But the young lady who showed them to him asked if it was the Mr. Sandys, and he at once took the rooms. Her mother subsequently said that she understood he wrote books, and would he deposit five pounds?

Such are the ups and downs of the literary calling.

The book, of course, was "Unrequited Love," and the true story of how it was not given to the world by his first publishers has never been told. They had the chance, but they weighed the manuscript in their hands as if it were butter, and said it was very small.

"If you knew how much time I have spent in making it smaller," replied Tommy, haughtily.

The madmen asked if he could not add a few chapters, whereupon, with a shudder, he tucked baby under his wing and flew away. That is how Goldie & Goldie got the book.

For one who had left London a glittering star, it was wonderful how little he brightened it by returning. At the club they did not know that he had been away. In society they seemed to have forgotten to expect him back.

He had an eye for them--with a touch of red in it; but he bided his time. It was one of the terrible things about Tommy that he could bide his time. Pym was the only person he called upon. He took Pym out to dinner and conducted him home again. His kindness to Pym, the delicacy with which he pretended not to see that poor old Pym was degraded and done for--they would have been pretty even in a woman, and we treat Tommy unfairly in passing them by with a bow.

Pym had the manuscript to read, and you may be as sure he kept sober that night as that Tommy lay awake. For when literature had to be judged, who could be so grim a critic as this usually lenient toper? He could forgive much, could Pym. You had run away without paying your rent, was it? Well, well, come in and have a drink. Broken your wife's heart, have you? Poor chap, but you will soon get over it. But if it was a split infinitive, "Go to the devil, sir."

"Into a cocked hat," was the verdict of Pym, meaning thereby that thus did Tommy's second work beat his first. Tommy broke down and wept.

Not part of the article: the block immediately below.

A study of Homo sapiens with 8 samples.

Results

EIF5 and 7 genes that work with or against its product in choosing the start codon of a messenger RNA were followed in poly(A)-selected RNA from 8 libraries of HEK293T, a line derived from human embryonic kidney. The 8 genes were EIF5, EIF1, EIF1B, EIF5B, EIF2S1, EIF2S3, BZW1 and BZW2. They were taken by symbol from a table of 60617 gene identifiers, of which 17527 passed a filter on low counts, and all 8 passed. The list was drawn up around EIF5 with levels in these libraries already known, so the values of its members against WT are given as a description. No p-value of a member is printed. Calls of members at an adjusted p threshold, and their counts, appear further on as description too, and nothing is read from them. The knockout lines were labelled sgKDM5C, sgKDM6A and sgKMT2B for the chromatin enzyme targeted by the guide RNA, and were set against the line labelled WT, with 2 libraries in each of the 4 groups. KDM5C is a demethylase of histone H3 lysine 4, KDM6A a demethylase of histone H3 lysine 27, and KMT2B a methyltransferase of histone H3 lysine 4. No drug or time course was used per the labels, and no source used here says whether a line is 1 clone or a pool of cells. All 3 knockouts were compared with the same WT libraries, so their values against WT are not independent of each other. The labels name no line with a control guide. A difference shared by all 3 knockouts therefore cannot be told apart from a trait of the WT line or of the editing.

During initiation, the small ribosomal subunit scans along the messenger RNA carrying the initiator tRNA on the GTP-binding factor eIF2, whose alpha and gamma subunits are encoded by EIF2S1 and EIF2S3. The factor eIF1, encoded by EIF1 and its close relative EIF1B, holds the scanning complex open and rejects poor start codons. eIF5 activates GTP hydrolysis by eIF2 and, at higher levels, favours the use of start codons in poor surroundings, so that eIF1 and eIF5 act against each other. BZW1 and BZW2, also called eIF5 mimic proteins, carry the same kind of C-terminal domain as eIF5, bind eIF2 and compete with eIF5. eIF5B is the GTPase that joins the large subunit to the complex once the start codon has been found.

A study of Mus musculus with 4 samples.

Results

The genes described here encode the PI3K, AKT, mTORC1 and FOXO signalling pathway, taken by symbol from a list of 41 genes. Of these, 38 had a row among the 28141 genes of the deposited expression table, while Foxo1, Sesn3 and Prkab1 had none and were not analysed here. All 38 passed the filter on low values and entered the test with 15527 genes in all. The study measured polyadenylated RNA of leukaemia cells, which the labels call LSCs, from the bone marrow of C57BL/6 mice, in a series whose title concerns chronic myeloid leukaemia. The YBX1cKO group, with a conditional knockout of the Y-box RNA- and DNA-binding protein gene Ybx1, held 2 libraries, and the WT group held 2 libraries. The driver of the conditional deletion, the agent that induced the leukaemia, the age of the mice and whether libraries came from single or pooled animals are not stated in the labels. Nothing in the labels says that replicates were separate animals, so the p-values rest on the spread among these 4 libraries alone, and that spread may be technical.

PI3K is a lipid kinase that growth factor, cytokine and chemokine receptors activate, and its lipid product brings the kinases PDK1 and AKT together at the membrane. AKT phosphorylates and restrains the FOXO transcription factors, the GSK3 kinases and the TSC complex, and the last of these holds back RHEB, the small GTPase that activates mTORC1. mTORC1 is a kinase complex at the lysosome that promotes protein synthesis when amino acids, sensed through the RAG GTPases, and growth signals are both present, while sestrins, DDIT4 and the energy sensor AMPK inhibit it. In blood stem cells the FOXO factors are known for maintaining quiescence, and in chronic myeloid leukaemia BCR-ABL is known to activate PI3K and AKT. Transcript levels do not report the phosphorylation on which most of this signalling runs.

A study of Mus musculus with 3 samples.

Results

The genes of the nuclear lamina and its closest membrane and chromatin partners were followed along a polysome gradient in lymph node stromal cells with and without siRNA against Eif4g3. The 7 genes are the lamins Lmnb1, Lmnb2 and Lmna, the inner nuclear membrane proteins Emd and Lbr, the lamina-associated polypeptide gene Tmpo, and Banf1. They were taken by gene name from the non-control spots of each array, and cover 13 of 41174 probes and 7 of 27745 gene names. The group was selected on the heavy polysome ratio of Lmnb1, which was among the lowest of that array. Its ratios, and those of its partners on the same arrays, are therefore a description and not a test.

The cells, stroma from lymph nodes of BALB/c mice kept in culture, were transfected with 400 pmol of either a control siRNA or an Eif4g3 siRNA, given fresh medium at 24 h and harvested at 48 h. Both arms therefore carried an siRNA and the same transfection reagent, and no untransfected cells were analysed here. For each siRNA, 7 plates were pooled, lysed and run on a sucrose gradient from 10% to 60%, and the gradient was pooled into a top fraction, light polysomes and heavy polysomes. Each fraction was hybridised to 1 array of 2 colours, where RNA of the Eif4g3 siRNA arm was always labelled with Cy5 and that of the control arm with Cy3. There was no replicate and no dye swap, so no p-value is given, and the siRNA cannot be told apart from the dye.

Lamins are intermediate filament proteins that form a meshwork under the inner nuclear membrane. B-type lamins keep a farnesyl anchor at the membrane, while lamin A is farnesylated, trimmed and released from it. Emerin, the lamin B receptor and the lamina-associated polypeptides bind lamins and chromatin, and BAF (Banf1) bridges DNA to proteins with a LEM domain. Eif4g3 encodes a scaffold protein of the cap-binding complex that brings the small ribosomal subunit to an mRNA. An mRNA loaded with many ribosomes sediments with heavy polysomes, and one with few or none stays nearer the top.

Presently Pym waxed sentimental and confided to Tommy that he, too, had once loved in vain. The sad case of those who love in vain, you remember, is the subject of the book. The saddest of autobiographies, it has been called.

An odd thing, this, I think. Tearing home (for the more he was engrossed in mind the quicker he walked), Tommy was not revelling in Pym's praise; he was neither blanching nor smiling at the thought that he of all people had written as one who was unloved; he was not wondering what Grizel would say to it; he had even forgotten to sigh over his own coming dissolution (indeed, about this time the flower-pot began to fade from his memory). What made him cut his way so excitedly through the streets was this: Pym had questioned his use of the word "untimely" in chapter eight. And Tommy had always been uneasy about that word.

He glared at every person he passed, and ran into perambulators. He rushed past his chambers like one who no longer had a home. He was in the park now, and did not even notice that the Row was empty, that mighty round a deserted circus; management, riders, clowns, all the performers gone on their provincial tour, or nearly all, for a lady on horseback sees him, remembers to some extent who he is, and gives chase. It is our dear Mrs. Jerry.

"You wretch," she said, "to compel me to pursue you! Nothing could have induced me to do anything so unwomanly except that you are the only man in town."

She shook her whip so prettily at him that it was as seductive as a smile. It was also a way of gaining time while she tried to remember what it was he was famous for.

"I believe you don't know me!" she said, with a little shriek, for Tommy had looked bewildered. "That would be too mortifying. Please pretend you do!"

Her look of appeal, the way in which she put her plump little hands together, as if about to say her prayers, brought it all back to Tommy. The one thing he was not certain of was whether he had proposed to her.